It’s looking increasingly likely that the much buzzed-about Georgia Senate race will not actually be decided on Election Day. Under Georgia law, the election will go to a runoff if no candidate secures over 50 percent of the vote – a likely scenario if recent polling is any indication. The latest CNN poll found Nunn leading GOP opponent David Perdue by 47 to 44.
Libertarian candidate Amanda Swafford, currently polling around 4 percent, is playing a critical role here. She is drawing votes away from David Perdue, and may well prevent either candidate from crossing the 50 percent mark. Which begs the question: how would Michelle Nunn fare in a runoff? With hours until Election Day, here’s a look at the pros and cons facing Democrats in the event of a prolonged election in Georgia.
What we're saying
According to Andy Wong, President of PowerPAC.org and one of the country's leading experts on engaging voters of color in elections, "it is essential that voters of color come out in significant numbers for Nunn in order to win let alone get into a runoff. If the race goes to runoff election, it will be critical for Democratic leadership to speak directly to voters of color, youth and liberal to moderate white women."
A runoff would give Team Nunn a critical tool: more time to turn voters out to the polls. Having an election drag out might not always be a good thing, but in Georgia, it might help Democrats overcome the voter suppression tactics that have arisen in the face of a massive effort to engage new voters. Of the more than 80,000 new voters, many of them young people and of people of color, that have been registered by the New Georgia Project this year, 40,000 names are mysteriously missing from the Secretary of State’s list of eligible voters. A runoff election would give Democrats in Georgia added time to pressure Secretary of State Kemp to make sure these voters are added to the rolls. Plus, if it turns out that control of the Senate all comes down to who wins in Georgia, national attention and do-or-die pressure could bolster Democratic turnout in a runoff election.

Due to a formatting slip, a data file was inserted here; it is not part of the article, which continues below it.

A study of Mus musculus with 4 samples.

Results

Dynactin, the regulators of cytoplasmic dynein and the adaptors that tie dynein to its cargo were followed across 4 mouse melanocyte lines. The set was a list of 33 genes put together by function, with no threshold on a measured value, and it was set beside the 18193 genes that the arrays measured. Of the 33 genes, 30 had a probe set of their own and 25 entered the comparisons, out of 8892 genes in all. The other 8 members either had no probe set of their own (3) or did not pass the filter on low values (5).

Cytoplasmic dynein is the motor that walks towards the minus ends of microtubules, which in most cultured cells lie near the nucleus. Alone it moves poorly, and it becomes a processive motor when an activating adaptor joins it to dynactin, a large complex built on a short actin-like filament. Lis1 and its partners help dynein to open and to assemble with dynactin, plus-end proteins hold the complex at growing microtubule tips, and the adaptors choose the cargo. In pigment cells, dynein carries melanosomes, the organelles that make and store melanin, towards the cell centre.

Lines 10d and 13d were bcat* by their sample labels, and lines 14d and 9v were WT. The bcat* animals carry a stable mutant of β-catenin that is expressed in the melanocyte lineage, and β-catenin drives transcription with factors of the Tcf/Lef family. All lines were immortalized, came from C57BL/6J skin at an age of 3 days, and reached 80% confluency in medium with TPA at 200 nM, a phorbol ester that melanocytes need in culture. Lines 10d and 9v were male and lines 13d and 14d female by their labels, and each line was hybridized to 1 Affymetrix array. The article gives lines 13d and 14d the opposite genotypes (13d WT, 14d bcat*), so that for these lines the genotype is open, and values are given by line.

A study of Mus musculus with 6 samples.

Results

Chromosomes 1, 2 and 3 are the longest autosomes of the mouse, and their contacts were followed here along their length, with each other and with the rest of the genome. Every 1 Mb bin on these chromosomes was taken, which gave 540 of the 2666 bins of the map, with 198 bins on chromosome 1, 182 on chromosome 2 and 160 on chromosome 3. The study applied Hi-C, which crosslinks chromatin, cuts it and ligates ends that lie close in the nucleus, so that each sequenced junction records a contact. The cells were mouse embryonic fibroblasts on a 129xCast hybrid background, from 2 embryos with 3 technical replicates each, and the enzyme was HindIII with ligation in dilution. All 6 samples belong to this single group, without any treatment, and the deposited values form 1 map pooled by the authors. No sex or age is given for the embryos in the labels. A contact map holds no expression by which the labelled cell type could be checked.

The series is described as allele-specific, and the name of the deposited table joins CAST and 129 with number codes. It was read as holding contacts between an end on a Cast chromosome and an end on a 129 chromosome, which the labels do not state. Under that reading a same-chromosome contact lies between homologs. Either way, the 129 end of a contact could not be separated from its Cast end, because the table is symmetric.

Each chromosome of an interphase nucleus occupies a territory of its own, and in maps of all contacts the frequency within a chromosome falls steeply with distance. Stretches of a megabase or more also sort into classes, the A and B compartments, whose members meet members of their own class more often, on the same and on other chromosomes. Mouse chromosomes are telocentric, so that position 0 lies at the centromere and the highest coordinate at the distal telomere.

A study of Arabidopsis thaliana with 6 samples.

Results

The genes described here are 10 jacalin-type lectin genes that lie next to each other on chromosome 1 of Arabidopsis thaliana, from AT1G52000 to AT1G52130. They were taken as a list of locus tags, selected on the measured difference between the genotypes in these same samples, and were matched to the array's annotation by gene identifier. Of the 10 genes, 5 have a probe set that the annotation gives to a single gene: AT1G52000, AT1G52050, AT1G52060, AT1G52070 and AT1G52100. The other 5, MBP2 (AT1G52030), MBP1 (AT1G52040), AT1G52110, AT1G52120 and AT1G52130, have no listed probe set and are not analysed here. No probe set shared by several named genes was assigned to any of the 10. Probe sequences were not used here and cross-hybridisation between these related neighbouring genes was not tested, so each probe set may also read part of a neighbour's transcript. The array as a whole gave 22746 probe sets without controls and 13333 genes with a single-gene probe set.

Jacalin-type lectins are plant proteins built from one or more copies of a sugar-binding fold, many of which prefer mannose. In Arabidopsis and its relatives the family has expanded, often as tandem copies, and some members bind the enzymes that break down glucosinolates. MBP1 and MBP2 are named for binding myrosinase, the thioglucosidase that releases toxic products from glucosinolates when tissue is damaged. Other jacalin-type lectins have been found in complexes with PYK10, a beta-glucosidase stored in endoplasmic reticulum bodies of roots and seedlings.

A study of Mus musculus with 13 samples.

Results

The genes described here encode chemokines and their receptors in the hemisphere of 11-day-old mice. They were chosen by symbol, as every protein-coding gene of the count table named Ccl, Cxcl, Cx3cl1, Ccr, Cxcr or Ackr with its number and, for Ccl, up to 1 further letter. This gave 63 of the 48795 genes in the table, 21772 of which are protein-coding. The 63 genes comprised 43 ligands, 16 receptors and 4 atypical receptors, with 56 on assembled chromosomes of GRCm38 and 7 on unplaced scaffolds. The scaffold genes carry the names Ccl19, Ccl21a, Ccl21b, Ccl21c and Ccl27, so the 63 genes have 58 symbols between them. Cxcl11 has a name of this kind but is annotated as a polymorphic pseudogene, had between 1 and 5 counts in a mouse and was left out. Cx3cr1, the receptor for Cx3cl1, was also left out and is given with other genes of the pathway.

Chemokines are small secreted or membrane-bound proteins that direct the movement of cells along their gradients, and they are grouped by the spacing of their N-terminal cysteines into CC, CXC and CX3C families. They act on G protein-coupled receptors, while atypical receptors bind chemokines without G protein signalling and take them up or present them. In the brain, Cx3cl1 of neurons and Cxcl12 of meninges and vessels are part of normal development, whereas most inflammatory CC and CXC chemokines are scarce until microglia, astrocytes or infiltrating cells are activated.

First of all, votes that went to Libertarian Amanda Swafford in the general election might be distributed mainly to Perdue in a runoff. Plus, the runoff would require voters to mail in ballots by January 6th, challenging both parties to motivate voters amid the competing priorities of the holiday season. Overall, history has not been kind to Georgia Democrats in runoff elections: as the New York Times reported, the past five statewide runoffs have all been won by Republicans. Luckily, there is an unprecedented voter turnout effort underway in Georgia, so history may not be our best model.